The Payments Association issues manifesto to maintain UK as ‘leader’

Ellie Duncan
05 Oct 2023

The Payments Association has called for cross-industry data sharing to counter Authorised Push Payment (APP) fraud and has identified policies to encourage adoption of account-to-account (A2A) payments, in a new manifesto.

The Payments Manifesto has been published by the Payments Association ahead of the next general election, in which it sets out a number of policy suggestions to protect the UK as a global payments “leader”.

It follows the announcement by Chancellor Jeremy Hunt earlier this year of a review into the future of payments in the UK, led by Joe Garner.

Tony Craddock, director general of The Payments Association, said: “Our aim is for the UK payments industry to lead the world in providing innovative solutions that satisfy consumer and business needs, as well as, through the economic contribution our industry makes to the UK, be a driver of social wellbeing and economic growth.”

Tony Craddock

The Payment Association’s Tony Craddock

“This vital piece of work is our declaration to industry stakeholders that we’ll achieve this aim while also providing the UK’s political parties with policy suggestions for their own manifestos, ahead of the next general election,” he added.

The manifesto has established three top pledges, including tackling fraud and scams, encouraging A2A payments in the UK, and an “innovative approach” to regulation and standards.

To counter APP fraud, the Payments Association has called for cross-industry data sharing among financial institutions, large technology firms and merchants, as well as a review of the plans of near-guaranteed payouts to victims of fraud and a 50/50 liability split between the sending and receiving institution.

The manifesto identifies that “recent changes to regulations and in the institutions behind account-to-account payments have stalled”. It wants to see several policies implemented as a result, including developing a system for Open Banking payments that provides “appropriate consumer protection and a dispute resolution service that protects all Open Banking stakeholders, supported by the appropriate economic model”.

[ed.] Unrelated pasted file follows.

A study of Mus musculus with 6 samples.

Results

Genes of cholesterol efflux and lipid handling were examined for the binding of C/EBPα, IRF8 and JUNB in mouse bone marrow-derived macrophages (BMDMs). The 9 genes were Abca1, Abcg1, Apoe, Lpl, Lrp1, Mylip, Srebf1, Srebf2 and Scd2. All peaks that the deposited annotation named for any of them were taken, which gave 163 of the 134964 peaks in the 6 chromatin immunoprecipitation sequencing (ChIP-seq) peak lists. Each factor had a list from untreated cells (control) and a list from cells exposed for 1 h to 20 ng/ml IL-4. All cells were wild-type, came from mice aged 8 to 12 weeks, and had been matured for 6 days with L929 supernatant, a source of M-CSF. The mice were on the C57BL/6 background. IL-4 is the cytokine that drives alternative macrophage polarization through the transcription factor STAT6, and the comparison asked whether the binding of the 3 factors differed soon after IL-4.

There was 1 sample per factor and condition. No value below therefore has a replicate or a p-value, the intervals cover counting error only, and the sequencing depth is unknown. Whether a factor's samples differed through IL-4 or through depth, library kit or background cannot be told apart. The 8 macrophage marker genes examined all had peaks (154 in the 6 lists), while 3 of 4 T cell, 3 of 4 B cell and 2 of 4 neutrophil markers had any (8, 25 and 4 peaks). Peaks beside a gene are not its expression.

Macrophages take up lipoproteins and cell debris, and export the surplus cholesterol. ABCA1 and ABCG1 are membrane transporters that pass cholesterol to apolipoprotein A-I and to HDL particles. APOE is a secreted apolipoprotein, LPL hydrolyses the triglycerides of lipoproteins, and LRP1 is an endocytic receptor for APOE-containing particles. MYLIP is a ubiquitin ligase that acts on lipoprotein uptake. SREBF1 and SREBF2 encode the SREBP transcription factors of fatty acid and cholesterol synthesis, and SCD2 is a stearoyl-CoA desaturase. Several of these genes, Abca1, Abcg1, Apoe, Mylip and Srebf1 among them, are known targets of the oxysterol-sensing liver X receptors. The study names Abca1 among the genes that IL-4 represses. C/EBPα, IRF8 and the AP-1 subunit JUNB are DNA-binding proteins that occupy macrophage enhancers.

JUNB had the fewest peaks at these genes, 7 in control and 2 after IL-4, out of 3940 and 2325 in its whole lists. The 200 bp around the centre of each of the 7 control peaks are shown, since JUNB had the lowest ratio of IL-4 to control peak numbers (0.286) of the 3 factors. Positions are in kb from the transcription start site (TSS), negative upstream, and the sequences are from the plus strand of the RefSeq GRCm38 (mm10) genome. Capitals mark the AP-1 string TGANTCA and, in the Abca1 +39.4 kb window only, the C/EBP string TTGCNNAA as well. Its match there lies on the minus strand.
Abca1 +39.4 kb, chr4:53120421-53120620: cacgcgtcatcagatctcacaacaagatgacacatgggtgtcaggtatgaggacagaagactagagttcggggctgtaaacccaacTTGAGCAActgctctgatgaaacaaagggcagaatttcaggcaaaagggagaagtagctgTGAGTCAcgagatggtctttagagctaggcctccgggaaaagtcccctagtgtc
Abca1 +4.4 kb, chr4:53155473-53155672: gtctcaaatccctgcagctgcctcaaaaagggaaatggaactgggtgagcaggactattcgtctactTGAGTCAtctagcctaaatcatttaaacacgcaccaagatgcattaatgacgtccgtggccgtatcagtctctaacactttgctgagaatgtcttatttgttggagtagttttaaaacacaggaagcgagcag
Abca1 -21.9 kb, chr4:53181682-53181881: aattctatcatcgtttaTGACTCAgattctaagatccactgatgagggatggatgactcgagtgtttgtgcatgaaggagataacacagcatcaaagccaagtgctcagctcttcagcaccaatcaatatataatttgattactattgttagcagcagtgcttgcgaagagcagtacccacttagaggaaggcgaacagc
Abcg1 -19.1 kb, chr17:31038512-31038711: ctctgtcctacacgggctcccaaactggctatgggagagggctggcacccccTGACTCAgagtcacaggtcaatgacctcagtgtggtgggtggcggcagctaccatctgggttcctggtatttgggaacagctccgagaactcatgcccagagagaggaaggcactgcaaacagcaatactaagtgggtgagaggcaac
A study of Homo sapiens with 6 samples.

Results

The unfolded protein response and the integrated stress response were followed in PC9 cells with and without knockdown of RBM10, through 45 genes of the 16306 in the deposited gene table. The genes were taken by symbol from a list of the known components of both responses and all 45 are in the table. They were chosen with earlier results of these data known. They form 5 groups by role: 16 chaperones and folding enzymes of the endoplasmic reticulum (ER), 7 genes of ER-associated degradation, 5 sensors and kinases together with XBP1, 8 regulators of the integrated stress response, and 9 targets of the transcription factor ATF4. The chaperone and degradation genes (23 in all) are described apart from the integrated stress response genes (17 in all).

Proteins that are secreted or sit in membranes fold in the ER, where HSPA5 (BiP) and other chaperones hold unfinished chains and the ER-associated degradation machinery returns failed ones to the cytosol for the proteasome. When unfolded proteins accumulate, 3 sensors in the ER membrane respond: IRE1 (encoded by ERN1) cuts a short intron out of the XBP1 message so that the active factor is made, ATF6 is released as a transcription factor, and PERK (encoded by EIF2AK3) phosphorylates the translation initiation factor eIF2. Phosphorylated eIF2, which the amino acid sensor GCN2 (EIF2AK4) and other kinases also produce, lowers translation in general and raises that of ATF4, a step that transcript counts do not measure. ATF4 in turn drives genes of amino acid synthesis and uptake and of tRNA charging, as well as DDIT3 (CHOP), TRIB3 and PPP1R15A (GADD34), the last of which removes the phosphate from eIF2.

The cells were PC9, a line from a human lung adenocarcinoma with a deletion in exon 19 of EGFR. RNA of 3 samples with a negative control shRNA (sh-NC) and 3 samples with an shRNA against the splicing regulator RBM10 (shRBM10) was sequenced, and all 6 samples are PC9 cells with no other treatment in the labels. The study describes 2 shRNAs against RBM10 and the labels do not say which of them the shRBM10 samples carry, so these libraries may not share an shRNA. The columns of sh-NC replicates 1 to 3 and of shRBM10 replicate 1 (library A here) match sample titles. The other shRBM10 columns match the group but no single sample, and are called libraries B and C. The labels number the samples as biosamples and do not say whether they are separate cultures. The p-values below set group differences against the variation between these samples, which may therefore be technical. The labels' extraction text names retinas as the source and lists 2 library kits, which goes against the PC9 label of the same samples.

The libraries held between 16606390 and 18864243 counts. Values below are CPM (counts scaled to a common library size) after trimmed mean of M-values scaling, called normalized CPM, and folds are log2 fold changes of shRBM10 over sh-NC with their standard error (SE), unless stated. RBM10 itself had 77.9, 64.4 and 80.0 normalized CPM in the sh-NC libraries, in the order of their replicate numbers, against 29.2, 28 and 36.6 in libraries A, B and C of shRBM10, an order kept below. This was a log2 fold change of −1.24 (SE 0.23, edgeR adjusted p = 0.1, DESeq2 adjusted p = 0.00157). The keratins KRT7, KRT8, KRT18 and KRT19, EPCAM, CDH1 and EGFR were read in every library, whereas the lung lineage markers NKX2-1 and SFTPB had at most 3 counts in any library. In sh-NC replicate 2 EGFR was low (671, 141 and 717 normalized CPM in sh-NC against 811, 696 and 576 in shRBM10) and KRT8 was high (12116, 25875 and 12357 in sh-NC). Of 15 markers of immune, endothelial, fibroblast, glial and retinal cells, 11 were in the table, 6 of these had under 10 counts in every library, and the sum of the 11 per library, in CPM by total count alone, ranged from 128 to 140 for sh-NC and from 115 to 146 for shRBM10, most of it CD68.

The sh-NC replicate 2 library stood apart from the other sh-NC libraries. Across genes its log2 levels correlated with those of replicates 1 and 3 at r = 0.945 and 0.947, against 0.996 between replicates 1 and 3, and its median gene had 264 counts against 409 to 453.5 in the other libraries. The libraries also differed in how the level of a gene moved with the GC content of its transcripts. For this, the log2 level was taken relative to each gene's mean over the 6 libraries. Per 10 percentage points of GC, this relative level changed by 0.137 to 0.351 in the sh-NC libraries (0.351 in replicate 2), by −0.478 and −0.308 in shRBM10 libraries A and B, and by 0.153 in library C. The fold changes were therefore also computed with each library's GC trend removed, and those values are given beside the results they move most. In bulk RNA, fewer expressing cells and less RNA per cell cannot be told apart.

When it comes to regulation and standards, the Payments Manifesto states the need to see support for the current work being done by the Joint Regulatory Oversight Committee (JROC) to create a “competitive and sustainable” Open Banking ecosystem that delivers alternative payment options for merchants.

It would also like to see the Financial Conduct Authority (FCA) and Payments Systems Regulator encouraged to “employ a more measured, proportionate approach to regulating payments firms” that is “agile and flexible”, to enable innovation and attract investment in the UK payments industry.

The manifesto urges the government to hold the FCA to account for providing high standards and consistent supervision of electronic money institutions and payment institutions.

“We want to help the UK to create world-leading regulation in payments managed by a dynamic, accountable and fair regulator that can balance business growth with consumer protection and best-of-breed standards,” said Craddock.

Finally, on the topic of digital currencies, Craddock added that the manifesto establishes a “clear vision for a globally interoperable digital currencies ecosystem to foster a future where we are all going to transact more digitally, making use of modern technology”.

Riccardo Tordera-Ricchihead of policy and government relations at The Payments Association, talked about the role of regulation in the growth and development of the UK payment services sector, during a Westminster Business Forum policy conference.